Album Review


(Radar Recordings/Gilead Media, CD/vinyl)

Since the release of their debut EP in 2001, Burlington's Cancer Conspiracy have attracted more than their fair share of made-up, obscure labels. Post-rock? Yeah. Math-rock? Why not? Prog-rock? Maybe a little. Post-prog? I mean, come on. Whatever you call it, the band's latest and, sadly, final offering is an album so devoid of pretense it almost has to seem pretentious. Titled simply Ω, it comes in a stark white album cover (available in black on vinyl) with lower-case Roman numerals as song titles. Contrary to the unadorned cover, the disc contains a sound so lush it is at once indescribable and yet intimately familiar.

The first song, "i," is an ethereal, minimal intro track which, for me, is pretty much a write-off. But "ii" immediately evokes the prog spirit of Dream Theater with haunting guitars that echo through the tune's meandering construct. Here the band avoids the prototypical "loud-soft-loud" format embraced by post-rock. Instead, guitar riffs layer upon each other, progressively looping back and forth.

"iv" displays ambient guitar by Daryl Rabidoux that yields to Greg Beadle's precision drum work. The man is a machine. "vi" demonstrates another facet of the band's repertoire, featuring droning keys - also courtesy of Beadle - and wailing guitars in a cacophonous piece that made me feel like a towel tossed around in the dryer.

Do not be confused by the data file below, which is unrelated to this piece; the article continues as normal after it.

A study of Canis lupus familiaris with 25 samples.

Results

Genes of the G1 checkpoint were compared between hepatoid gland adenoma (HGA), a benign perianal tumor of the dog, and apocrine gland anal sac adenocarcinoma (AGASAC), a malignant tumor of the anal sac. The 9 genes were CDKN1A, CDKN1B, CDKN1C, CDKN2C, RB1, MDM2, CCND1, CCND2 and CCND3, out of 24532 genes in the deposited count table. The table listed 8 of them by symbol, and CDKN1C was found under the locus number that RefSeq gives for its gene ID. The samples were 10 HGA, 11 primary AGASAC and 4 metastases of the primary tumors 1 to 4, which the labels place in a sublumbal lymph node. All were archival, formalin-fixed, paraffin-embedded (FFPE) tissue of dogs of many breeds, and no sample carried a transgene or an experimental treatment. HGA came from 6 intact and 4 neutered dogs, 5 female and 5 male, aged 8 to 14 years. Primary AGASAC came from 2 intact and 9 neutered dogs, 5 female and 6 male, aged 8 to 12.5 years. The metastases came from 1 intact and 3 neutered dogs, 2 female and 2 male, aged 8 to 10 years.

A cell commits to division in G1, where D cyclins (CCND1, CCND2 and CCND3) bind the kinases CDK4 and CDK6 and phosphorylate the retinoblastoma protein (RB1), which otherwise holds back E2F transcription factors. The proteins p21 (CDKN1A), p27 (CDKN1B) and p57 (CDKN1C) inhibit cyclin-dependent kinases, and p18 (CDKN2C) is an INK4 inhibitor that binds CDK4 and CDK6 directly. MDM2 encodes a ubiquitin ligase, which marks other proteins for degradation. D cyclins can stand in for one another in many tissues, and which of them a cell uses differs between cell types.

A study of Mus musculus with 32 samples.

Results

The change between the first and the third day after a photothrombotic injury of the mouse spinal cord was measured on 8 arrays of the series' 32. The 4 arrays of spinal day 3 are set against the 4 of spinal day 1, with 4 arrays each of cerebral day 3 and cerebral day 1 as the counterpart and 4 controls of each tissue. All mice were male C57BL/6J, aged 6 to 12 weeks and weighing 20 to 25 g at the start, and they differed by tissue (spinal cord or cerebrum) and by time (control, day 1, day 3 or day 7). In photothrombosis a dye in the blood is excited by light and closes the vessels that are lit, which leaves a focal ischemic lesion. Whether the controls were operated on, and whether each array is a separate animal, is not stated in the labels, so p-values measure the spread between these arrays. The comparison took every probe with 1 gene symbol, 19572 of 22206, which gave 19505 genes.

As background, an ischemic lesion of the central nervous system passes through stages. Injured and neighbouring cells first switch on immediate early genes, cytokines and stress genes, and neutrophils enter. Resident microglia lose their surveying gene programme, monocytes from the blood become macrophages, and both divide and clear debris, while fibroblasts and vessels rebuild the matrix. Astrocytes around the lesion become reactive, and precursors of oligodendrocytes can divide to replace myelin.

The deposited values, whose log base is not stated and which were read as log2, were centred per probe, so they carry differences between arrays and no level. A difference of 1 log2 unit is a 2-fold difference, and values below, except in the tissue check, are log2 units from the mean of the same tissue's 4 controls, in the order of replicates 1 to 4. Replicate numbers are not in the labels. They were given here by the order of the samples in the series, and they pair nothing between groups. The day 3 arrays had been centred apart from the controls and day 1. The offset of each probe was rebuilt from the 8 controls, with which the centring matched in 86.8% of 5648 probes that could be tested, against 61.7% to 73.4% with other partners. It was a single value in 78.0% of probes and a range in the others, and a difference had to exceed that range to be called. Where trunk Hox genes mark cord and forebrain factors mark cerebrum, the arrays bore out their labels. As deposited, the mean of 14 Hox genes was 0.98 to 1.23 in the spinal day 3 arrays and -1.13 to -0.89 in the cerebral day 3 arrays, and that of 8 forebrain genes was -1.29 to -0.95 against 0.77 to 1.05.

"vii" is the standout in this fine collection. The song features harmonious yet discordant soundscapes not unlike those of Explosions in the Sky, as well as changeups and variations telling a musical narrative reminiscent of Tortoise's T.N.T.

Fronted by guitarist Rabidoux, The Cancer Conspiracy's core trio is joined on the disc by Carrigan's Zack Martin and Ken Johnston as well as engineering guru Matt Squire. The band layers sound upon sound, creating an auditory texture that ties diverse influences together into an album that could easily be a post-prog masterpiece. Now they even have me saying "post-prog."

The Cancer Conspiracy are certainly post-something. Maybe post-everything. They represent a growing minority of musicians and music lovers intent on learning from the mistakes of the past and building on its artistic successes. This album, presented as a singular, cohesive concept, is easy to talk about but difficult to dissect.

Ω might not be for everyone. Taking on "post" anything demands that the listener abandon many of music's more accessible elements - just try bobbing your head at a Trans Am show. But maybe some things are meant to be appreciated for intrinsic value alone. Or maybe that's just a pretentious way of saying, "This is good, but I can't figure out why the fuck I like it."